J.K. Rowling wrote her first book at the age of six – a story about a rabbit, called "Rabbit".
Jo wanted to be a writer from an early age. She wrote her first book at the age of six – a story about a rabbit, called 'Rabbit'. At just eleven, she wrote her first novel – about seven cursed diamonds and the people who owned them.
Jo studied at Exeter University, where she read so widely outside her French and Classics syllabus that she clocked up a fine of £50 for overdue books at the university library. Her knowledge of Classics would one day come in handy for creating the spells in the Harry Potter series, some of which are based on Latin.
After her degree, she moved to London and worked in a series of jobs, including one as a researcher at Amnesty International. "Therein my little office I read hastily scribbled letters smuggled out of totalitarian regimes by men and women who were risking imprisonment to inform the outside world of what was happening to them." She said later. "My small participation in that process was one of the most humbling and inspiring experiences of my life."
Jo conceived the idea of Harry Potter in 1990 while sitting on a delayed train from Manchester to London King's Cross. Over the next five years, she began to map out all seven books of the series. She wrote mostly in longhand and gradually built up a mass of notes, many of which were scribbled on odd scraps of paper.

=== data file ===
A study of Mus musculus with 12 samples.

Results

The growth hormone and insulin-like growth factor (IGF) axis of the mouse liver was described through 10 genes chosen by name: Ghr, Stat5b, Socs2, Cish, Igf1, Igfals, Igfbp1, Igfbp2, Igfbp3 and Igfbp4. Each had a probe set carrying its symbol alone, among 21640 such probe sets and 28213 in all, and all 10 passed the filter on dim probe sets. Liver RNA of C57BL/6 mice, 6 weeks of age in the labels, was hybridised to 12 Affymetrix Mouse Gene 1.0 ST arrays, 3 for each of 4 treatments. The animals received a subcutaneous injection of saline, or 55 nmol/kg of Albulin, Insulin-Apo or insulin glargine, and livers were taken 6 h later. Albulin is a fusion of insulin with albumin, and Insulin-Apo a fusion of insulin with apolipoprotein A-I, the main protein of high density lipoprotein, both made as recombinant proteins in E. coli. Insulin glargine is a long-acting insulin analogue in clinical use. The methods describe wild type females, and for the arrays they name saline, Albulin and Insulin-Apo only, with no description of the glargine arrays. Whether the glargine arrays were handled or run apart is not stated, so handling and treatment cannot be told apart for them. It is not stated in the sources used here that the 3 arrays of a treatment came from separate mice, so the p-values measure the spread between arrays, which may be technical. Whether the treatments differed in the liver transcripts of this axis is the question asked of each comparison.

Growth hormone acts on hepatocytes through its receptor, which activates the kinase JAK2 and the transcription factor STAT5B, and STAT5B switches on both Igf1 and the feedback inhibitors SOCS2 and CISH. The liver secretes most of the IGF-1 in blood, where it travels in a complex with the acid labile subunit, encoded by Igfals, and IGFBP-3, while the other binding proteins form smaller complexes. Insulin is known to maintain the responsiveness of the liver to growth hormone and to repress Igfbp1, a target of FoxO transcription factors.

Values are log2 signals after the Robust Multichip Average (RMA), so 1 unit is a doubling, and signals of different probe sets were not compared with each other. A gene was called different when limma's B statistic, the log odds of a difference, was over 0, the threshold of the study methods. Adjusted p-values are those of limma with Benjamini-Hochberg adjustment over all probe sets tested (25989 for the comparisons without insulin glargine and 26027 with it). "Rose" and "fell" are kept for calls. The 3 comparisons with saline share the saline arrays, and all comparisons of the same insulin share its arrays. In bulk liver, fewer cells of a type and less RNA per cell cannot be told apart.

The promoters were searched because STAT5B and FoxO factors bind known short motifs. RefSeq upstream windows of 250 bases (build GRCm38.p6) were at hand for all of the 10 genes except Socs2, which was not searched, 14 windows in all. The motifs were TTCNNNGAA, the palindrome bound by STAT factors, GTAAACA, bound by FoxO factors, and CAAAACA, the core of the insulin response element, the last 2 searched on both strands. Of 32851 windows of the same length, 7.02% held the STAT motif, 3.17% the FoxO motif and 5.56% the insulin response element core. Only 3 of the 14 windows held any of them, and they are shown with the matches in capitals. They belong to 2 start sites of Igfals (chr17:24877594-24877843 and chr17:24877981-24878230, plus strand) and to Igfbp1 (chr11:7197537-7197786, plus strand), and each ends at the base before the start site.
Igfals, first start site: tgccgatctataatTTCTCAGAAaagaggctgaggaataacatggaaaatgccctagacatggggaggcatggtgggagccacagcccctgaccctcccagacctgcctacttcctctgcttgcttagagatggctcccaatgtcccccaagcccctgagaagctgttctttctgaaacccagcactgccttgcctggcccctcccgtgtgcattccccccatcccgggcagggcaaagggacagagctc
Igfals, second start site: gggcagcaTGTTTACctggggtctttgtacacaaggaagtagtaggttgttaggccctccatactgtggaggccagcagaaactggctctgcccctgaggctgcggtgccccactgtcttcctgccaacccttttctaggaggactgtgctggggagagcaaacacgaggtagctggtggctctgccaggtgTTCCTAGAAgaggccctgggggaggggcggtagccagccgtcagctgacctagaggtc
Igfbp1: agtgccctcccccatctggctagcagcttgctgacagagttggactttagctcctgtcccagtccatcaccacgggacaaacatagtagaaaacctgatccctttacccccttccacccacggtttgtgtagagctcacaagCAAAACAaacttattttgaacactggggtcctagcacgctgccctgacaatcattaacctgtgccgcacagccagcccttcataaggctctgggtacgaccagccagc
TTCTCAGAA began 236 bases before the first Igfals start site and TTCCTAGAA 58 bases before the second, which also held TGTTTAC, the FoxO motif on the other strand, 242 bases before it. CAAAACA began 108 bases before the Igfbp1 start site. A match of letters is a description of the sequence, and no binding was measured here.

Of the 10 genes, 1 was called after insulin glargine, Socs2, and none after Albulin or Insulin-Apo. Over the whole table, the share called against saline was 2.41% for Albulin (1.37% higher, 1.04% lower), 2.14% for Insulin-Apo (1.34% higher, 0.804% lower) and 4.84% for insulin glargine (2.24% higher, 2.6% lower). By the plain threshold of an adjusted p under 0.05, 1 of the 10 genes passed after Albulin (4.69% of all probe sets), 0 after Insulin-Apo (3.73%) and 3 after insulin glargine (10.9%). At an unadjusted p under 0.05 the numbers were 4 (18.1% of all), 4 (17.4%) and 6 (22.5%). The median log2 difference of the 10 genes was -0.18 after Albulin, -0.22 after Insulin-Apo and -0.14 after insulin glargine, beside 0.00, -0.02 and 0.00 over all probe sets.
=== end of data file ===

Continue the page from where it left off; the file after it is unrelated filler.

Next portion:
Taking her notes with her, she moved to northern Portugal to teach English as a foreign language, married Jorge Arantes in 1992, and had a daughter, Jessica, in 1993. When the marriage ended later that year, she returned to the UK to live in Edinburgh, with Jessica and a suitcase containing the first three chapters of Harry Potter and the Philosopher's Stone.
In Edinburgh, Jo trained as a teacher and began teaching in the city's schools, but she continued to write in every spare moment.
Having completed the full manuscript, she sent the first three chapters to a number of literary agents, one of whom wrote back asking to see the rest of it. She says it was "the best letter I had ever received in my life."
The book was first published by Bloomsbury Children's Books in June 1997, under the name J.K. Rowling.
The "K" stands for Kathleen, her paternal grandmother's name. It was added at her publisher's request, who thought a book by an obviously female author might not appeal to the target audience of young boys.
Her first novel was published in the US by Scholastic under a different title (again at the publisher's request), Harry Potter and the Sorcerer's Stone, in 1998. Six further titles followed in the Harry Potter series, each achieving record-breaking success.